The author is the secretary of the Parent Advisory Board for Special Services and 504s.

Right before spring break, and just days after Wilton Town Hall was lit up blue for Autism Awareness, children at Miller-Driscoll Elementary School watched a skit based on the children’s book, One and performed by Wilton’s Top Inclusion Models (TIMs, pictured above), the Wilton High School students who teach their younger peers about the meaning of inclusion and how to stop bullying. The TIMs’ goal? To show Wilton’s youngest students that by standing together and including others, Wilton kids can create a world where everybody counts–even those who may look or act differently.

According to the lead parent organizer, Kara Berghaus, it “was amazing to see the older role models perform and deliver such important messages about kindness, inclusion, and friendship, and to see them connecting with the younger children even as they reconnected with their own past experiences at Miller-Driscoll.”

This event, as well as many others, is part of Wilton Public Schools’ Disability Awareness Month initiative, a month-long campaign sponsored by the Parent Advisory Board (PAB). The Wilton High School TIMs also support many of these events under the direction of Lauren Jansen, a Wilton High School faculty member.

Going forward, more events are planned for the rest of April and even into May. Depending on which grade and what school a child attends, he or she may:

  • Dress up in yellow and black for “Bee Kind” day (April 28) and be eligible for the Bee Kind Photo Contest (Miller-Driscoll).
  • Participate in learning centers that demonstrate the impact of different disabilities in tangible ways. Students may read a sentence with distorted lettering (dyslexia) or try to tie their shoes with socks on their hands (Cerebral Palsy), among other activities designed to shed light on differences, including the strengths of those who learn differently (Miller-Driscoll, varying grades).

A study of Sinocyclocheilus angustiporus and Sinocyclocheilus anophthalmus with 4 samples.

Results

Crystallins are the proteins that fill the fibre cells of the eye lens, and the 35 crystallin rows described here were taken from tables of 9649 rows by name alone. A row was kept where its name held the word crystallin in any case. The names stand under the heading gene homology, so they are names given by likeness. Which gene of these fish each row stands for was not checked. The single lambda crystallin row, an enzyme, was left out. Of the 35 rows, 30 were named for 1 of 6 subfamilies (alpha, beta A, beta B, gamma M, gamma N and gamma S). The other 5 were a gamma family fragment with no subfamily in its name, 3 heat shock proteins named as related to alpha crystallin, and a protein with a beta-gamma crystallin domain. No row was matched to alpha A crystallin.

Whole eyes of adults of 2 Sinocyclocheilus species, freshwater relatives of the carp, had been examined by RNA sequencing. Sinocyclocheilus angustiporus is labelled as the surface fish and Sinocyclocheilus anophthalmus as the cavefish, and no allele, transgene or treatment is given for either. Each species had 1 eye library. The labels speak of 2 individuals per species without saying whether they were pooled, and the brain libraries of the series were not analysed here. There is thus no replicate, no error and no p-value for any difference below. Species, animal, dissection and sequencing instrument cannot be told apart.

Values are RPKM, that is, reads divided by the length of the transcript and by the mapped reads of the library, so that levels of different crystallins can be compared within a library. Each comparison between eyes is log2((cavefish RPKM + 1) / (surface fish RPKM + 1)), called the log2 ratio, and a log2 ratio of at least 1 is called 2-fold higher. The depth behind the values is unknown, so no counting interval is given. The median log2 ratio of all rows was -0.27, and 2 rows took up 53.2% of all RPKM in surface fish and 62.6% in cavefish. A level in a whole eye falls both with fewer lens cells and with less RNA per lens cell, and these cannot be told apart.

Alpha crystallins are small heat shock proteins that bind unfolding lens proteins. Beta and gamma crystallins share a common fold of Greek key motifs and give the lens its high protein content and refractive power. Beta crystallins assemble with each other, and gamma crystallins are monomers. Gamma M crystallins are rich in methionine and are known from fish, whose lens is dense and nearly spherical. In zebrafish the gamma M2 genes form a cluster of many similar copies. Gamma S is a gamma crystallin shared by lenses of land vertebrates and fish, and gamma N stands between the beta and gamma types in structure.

• Join in an All Colors Spirit Day (May 5) to show their spirit of acceptance and inclusion (Cider Mill).
  • Watch a TIMS skit based on the novel Wonder, which focuses on a boy with a facial deformity attending mainstream school for the first time (Cider Mill).
  • Take part in a “mix-it-up lunch” organized by the TIMs, where students will be encouraged to sit with peers who are not part of their everyday social group (Middlebrook).
  • Receive a bookmark about a famous or successful person who has struggled with a disability or with mental illness (all schools except Miller-Driscoll).
  • Receive a bookmark about being kind (Miller-Driscoll only).

All of these activities and takeaways have been sponsored or supported by the PAB, whose mission is to improve understanding of children with special needs and the services they receive within our schools and our community. In addition, the PAB aims to improve communication, education and trust among parents of children with special needs and the Wilton Public School staff and administration.

To learn more about the PAB and its other outreach programs, check out the new PAB website or contact the group via email.

For more information about Wilton High School’s TIMs or Best Buddies, read our previous story about their “Spread the Word to End the Word” campaign.